The first time I heard it I didn’t think much of it. “What is kidmin?” Seemed like a normal question.
I didn’t notice the question was a trend until our team was in Hong Kong talking about Children’s Ministry and one of us asked a question about “kidmin” in our friends church. Their first response was a look of confusion… “kidmin?” They didn’t understand what the phrase meant.
It’s become increasingly normal with my friends in the U.S. to substitute Children’s Ministry with kidmin. However, it creates a language barrier with others I’ve connected with internationally. When I was in the Middle East I had to explain what kidmin means. In Australia, they get it if they are on twitter… but, most of my friends there said it’s kind of silly. At a recent event with some Children’s Ministry leaders from France, Denmark, Philippines, England, Lebanon, South Africa and various other countries, none of them used this phrase. The english guys actually poked fun at the term and said they think “Americans are a bit different, if you know what I mean.” I don’t think they meant it as a compliment.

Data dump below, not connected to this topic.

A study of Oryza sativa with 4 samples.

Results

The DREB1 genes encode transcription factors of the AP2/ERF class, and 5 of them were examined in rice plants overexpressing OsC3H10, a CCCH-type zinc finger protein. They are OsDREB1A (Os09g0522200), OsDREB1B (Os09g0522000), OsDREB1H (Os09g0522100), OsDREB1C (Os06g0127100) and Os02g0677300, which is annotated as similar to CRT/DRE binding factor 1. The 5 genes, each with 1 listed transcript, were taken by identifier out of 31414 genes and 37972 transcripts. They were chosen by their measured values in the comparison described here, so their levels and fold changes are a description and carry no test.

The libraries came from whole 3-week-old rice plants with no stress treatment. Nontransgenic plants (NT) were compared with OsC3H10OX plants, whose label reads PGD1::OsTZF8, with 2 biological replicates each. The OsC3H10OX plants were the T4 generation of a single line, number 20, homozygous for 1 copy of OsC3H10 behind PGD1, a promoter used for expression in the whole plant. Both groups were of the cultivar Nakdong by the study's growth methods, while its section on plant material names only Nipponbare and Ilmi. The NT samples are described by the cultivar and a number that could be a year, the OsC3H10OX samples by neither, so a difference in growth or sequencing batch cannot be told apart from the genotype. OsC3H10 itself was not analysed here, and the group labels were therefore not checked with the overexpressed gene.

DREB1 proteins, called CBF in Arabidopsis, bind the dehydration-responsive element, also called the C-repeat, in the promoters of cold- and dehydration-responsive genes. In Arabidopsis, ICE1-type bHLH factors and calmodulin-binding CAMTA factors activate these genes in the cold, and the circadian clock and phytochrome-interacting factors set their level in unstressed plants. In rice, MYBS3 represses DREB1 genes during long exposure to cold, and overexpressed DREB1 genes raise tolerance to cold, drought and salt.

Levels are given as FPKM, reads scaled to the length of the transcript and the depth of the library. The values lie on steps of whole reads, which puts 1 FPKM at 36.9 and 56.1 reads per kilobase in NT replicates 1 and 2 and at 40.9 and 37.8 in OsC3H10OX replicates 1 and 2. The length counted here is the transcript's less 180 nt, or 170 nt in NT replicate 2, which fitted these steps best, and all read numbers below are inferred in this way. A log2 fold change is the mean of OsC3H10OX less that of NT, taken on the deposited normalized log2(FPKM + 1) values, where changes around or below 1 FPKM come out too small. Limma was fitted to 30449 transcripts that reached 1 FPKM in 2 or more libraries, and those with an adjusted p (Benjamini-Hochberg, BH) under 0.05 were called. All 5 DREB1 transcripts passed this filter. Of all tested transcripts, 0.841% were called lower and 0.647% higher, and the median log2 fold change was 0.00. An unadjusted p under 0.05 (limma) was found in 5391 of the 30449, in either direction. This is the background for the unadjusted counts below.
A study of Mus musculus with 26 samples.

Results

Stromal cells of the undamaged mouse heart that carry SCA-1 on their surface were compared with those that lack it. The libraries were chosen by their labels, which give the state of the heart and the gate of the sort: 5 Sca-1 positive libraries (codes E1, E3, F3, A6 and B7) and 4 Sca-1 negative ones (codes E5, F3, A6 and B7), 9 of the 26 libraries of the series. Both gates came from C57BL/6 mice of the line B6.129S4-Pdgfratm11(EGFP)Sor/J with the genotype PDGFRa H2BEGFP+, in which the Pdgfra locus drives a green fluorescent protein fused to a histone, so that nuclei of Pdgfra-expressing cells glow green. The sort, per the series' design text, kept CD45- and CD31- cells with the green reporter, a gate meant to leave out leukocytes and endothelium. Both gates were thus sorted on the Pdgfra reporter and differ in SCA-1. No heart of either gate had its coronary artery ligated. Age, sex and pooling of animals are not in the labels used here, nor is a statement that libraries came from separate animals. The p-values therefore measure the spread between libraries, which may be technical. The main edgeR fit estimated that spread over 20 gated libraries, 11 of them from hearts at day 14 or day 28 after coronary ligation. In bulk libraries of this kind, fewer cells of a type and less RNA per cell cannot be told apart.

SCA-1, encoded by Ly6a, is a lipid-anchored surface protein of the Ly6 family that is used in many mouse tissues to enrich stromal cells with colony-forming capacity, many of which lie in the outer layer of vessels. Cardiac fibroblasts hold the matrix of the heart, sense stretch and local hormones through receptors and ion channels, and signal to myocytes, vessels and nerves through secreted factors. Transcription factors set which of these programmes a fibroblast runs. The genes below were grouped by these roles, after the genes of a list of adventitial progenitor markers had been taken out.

So, I did some poking around using Google translate. I was curious to see if the term even translates to other languages.
I pretty much confused Google translate. It found no way to translate kidmin to any other language then yiddish. In yiddish, apparently, the translation of kidmin is germination.
So, I thought, let’s try a common phrase one might use in conversation. “I am a kidmin” translated to yiddish is איך בין אַ קידמין. Translated back to english it says, simply, “I am a germ.” Great… so, basically when CMConnect says it is a “free kidmin network” it translates to a “free GERM network.” Nice… that should go viral.
In arabic, where Children’s Ministry is thriving under remarkable conditions, the phrase, “I am a kidmin” becomes انا 1 kidmin. This translates to “I 1 kidmin” … whatever that means.
Maybe we should rethink how we have begun to use a shortcut terminology developed for ease of use in the twittersphere and if it makes sense in real life? The hashtag #kidmin works great in the twitter world where it was developed. It was fun to be part of the conversations when it was developed. However, it is causing confusion when it comes to connecting with others who are serving in Children’s Ministry. Unless, of course, you’d like to tell people you work in “germination.”
What are your thoughts? Am I over thinking this? Is this facepalm worthy?